Source : Financial Times

Hello from London. This week, a crack team of FT journalists are braving the snow in Davos for the World Economic Forum, which means we have a string of interviews with politicians and business leaders for you from the sidelines of the conference.

Brazil’s finance minister told our Editor, Roula Khalaf, that, since the dramatic storming of the nation’s Congress this month, President Luiz Inácio Lula da Silva plans to recalibrate the pace of his planned reforms, to avoid them “being the target of fake news and rioting”. Belarus’s exiled opposition leader, meanwhile, told FT journalists that Alexander Lukashenko would face “massive disobedience” if he decided to send troops to fight in Ukraine alongside Russian forces. And Philippine president Ferdinand Marcos Jr told chief foreign affairs commentator Gideon Rachman of his concerns about rising tensions between the US and China over Taiwan.

Elsewhere, the chief executive of Norway’s sovereign wealth fund warned that a long period of drab returns still lies ahead for investors. Look out for more Davos news on our live blog at ft.com.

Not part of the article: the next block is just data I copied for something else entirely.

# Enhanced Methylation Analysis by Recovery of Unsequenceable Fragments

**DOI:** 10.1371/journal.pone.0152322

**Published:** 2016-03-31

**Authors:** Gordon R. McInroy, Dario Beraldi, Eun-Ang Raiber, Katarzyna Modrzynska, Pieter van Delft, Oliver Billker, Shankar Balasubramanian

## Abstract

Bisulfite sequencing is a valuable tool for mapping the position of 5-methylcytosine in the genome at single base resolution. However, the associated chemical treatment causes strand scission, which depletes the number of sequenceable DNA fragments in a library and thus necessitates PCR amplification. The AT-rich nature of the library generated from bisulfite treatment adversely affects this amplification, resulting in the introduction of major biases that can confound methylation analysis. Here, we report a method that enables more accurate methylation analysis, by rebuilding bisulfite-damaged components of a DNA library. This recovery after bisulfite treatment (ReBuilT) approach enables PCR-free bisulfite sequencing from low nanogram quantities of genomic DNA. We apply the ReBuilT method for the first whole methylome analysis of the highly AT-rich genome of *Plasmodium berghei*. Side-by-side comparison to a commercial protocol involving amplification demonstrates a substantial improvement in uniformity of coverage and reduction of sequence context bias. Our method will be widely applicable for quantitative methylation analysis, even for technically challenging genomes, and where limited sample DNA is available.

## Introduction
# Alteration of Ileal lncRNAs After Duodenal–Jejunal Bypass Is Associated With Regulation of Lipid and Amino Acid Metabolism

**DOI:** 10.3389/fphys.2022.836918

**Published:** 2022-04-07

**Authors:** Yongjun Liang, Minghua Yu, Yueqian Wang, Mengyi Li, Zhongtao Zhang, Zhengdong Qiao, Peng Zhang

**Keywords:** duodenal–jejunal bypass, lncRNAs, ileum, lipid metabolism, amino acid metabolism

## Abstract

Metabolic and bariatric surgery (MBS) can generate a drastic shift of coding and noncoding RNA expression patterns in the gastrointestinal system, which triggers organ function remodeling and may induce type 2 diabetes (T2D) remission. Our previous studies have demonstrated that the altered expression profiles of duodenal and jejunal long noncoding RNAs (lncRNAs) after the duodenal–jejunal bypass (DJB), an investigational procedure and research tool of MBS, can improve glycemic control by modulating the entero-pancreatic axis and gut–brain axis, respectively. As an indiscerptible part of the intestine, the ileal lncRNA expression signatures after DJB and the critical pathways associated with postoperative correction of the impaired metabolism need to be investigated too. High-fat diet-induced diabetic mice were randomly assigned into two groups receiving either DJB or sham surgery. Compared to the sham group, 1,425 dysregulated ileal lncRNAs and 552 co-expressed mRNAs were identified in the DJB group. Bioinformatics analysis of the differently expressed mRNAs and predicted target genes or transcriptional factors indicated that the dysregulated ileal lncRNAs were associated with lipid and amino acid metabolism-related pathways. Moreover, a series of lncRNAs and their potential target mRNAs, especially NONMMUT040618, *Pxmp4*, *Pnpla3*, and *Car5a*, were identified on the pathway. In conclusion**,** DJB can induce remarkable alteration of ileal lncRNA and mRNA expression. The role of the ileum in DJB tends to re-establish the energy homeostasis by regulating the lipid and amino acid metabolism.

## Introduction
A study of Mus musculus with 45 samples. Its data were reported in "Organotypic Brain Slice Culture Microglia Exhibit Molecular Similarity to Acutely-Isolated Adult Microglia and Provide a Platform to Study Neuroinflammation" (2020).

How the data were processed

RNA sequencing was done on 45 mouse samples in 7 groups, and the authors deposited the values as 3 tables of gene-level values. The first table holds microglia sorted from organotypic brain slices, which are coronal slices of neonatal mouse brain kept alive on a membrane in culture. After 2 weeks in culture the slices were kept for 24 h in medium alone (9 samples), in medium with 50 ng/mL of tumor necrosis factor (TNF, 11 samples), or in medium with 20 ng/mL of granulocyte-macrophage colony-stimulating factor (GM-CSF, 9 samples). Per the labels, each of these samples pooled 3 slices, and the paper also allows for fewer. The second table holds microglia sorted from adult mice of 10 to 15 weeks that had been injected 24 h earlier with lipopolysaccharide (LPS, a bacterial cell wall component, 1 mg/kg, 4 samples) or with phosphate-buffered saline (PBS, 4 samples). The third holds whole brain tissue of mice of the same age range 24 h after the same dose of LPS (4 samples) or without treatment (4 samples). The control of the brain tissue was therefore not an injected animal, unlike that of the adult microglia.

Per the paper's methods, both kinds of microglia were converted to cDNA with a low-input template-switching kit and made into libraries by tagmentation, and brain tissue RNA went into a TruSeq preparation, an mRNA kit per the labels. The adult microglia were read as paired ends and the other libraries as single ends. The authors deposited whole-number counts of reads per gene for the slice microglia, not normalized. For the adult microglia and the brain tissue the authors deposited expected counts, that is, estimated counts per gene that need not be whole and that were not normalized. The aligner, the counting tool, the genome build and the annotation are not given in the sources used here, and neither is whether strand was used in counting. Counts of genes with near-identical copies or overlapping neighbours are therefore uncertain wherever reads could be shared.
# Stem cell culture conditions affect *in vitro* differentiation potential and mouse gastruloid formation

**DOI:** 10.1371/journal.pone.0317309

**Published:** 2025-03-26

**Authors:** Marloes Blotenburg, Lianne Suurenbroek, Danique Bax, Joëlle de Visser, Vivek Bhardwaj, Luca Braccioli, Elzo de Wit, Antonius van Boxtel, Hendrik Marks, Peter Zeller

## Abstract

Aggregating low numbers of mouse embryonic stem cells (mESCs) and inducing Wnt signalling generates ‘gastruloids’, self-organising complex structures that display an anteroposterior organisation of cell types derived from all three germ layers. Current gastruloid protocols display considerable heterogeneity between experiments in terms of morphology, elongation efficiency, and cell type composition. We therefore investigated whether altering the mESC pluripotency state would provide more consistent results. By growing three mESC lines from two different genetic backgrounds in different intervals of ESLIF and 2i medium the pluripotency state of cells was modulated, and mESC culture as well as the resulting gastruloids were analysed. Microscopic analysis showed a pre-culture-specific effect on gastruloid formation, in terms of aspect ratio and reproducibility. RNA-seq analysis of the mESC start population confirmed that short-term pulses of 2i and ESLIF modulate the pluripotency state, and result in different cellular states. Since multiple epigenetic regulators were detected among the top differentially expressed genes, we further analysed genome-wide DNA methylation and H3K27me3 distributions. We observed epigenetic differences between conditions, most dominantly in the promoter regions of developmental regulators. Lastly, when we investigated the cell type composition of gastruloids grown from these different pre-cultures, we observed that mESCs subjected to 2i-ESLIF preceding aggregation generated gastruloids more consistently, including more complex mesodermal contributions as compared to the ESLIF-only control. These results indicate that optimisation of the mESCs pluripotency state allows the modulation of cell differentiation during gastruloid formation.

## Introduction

My choices this week

1. Apple has spent the past two decades and billions of dollars building a complex supply chain almost entirely reliant on manufacturing in China. In a two-part series, the FT examines how the tech giant tied its fortunes to America’s biggest geopolitical rival, and what avenues it has to diversify.

2. The shocks of the past three years mean that the world’s poorest countries are threatened by a lost decade. Chief economics commentator Martin Wolf explains what must be done to tackle the looming debt crisis before it results in human catastrophe.

3. Since Moscow’s invasion of Ukraine, countries across Europe, including the UK, have pledged to ramp up their nuclear capacity. But after years of missed opportunities, can Britain realise its nuclear ambitions?

4. A former Russian paramilitary fighting with the Wagner unit in Ukraine has promised to give evidence against the notorious group after fleeing to Norway. We tell the story of his dramatic escape(Free to read)

5. In 2017, Rupert Murdoch cut a deal with Disney to sell the film and television arms of his business. Now activist investor Nelson Peltz is fixating on the deal, and blaming it for Disney’s ‘balance sheet from hell’ as he battles for a place on the board. (Free to read)

6. “There are two sides to crypto — the shysters and the suckers.” As the founders of a bankrupt crypto hedge fund tout a new exchange that would allow customers to trade their crypto bankruptcy claims, columnist Jemima Kelly asks, surely they can’t get away with it?